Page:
Is Christianity responsible for the ecological crisis of our time? Back in 1967, when the environmental movement was in its salad days, the medieval historian Lynn White said yes.

In a famous article in Science titled, "The Historical Roots of our Ecologic Crisis," White traced planetary depredation to the Christian--or Judeo-Christian--conception of putting the human species in control of nature. Christianity, he wrote, "not only established a dualism of man and nature but also insisted that it is God's will that man exploit nature for his proper ends."

The pushback came pretty quick from Christians who insisted that the first chapters of Genesis, properly understood, mandated that humans provide responsible stewardship of the earth. And out of the debate came a widespread embrace, from mainline Protestantism to the Pope to the Patriarch of Constantinople, of environmentalism.

Still, not all Christians are with the program. For example, on Bryan Fischer's radio show the other day anti-climate change publicist Calvin Beisner offered this interpretation of the Parable of the Talents, wherein the servant who buries his master's money in the ground for safe-keeping is berated for not putting it out at interest. 

“The wicked and lazy steward," as the master called him, was the one who buried his talent in the ground and didn’t do anything to multiply it. That’s essentially what those who say we need to stop using oil, coal, and natural gas are telling us to do. Just leave those resources buried in the ground, rather than pulling them out and multiplying their value for human benefit.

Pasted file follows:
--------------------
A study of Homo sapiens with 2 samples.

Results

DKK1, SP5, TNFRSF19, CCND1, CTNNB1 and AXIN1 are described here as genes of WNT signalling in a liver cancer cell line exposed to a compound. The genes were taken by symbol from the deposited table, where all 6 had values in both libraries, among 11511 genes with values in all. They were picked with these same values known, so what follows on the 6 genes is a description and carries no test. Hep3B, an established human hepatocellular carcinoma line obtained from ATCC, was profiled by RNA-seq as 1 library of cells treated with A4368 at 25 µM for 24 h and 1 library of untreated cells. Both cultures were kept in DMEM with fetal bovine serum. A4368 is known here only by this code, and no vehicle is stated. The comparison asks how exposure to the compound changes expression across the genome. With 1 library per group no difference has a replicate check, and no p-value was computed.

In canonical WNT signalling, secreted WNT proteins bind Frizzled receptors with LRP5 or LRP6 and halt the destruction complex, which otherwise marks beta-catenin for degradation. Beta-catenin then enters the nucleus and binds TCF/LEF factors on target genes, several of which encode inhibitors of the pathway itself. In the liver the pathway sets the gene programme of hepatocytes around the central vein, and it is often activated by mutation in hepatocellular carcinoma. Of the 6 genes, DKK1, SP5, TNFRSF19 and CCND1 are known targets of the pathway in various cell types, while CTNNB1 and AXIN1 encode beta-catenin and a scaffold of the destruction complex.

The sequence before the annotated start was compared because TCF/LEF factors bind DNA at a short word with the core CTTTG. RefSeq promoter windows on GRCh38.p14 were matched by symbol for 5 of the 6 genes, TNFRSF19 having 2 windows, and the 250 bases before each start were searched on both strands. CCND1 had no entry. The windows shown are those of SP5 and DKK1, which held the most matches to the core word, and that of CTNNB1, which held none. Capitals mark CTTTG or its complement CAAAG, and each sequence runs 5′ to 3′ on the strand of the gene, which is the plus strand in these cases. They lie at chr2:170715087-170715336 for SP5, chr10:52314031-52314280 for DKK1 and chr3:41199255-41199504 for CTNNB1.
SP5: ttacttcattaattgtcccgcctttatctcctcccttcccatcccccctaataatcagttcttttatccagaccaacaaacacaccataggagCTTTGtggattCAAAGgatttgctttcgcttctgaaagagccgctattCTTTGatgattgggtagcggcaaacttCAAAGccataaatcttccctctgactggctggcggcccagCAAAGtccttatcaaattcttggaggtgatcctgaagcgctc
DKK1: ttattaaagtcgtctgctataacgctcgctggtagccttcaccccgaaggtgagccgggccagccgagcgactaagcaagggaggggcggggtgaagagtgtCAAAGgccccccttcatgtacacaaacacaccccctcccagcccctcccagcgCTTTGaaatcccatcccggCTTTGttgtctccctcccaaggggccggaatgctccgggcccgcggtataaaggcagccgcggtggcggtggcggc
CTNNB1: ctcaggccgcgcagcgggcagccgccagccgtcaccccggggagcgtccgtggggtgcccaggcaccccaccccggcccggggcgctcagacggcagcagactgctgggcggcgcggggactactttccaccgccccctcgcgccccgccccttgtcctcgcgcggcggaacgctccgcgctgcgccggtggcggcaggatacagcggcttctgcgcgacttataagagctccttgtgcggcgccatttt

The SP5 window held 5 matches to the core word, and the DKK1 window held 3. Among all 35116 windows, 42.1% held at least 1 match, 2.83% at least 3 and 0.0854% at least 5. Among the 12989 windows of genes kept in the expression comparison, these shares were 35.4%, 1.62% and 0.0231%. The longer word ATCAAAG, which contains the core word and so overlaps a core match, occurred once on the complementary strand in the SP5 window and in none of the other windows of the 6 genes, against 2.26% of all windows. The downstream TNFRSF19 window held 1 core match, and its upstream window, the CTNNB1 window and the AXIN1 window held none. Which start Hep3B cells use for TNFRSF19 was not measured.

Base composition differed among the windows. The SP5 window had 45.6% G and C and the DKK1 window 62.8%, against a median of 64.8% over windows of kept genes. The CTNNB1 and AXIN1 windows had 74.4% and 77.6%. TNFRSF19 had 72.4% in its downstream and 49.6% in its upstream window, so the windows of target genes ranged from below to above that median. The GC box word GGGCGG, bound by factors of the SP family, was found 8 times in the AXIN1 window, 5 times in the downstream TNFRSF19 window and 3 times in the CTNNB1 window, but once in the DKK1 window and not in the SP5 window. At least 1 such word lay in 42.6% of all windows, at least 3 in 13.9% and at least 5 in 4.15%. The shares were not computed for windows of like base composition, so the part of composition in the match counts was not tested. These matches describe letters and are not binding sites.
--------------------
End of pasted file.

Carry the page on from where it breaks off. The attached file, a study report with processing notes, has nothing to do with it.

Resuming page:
Perhaps reflecting that the Parable is really about differentiating the kingdom of heaven's spiritual capital from thisworldly money-grubbing, Fischer took a different tack, comparing the refusal to exploit fossil fuels to telling someone you don't like your birthday gift.

That's kinda how we're treating God when he's given us these gifts of abundant and inexpensibve and effective fuel sources and we don't thank Him for it and we don't use it...God's buried those treasures there because He loves to see us find 'em and put 'em to use.

Somewere Lynn White, who died in 1987, is saying, "I told you you so."

Topics: Ethics

Comments

  1. I assume Calvin Beisner would also think we’re insulting God if faced with a table full of food we attempted to eat it all rather than share it with our neighbours. Or if we refuse to inject Heroin with no medical need.

    God buried the treasure to be used. And he helped us understand to use it wisely, we have to use it slowly. It’s not Gold - once it’s gone it’s gone. It belongs to our children and our grandchildren as does the land that may disappear as sea level rises.

  2. I read Beisner’s comments as God created both Man and the Environment.  We should be mindful to care for both.  God created the abundance of the Earth for Man’s responsible use, not merely to sit idle.  Of course, that abundance is not limitless and is not to be wasted.  Man’s care is not to be put in jeopardy (starvation, freezing, etc.) because we are afraid to use the abundant resources created for our use by God.  Failure to do so is disobedience to God.  We have dual responsibilities - stewardship of the environment and care of Man.  Yes, it is a balancing act.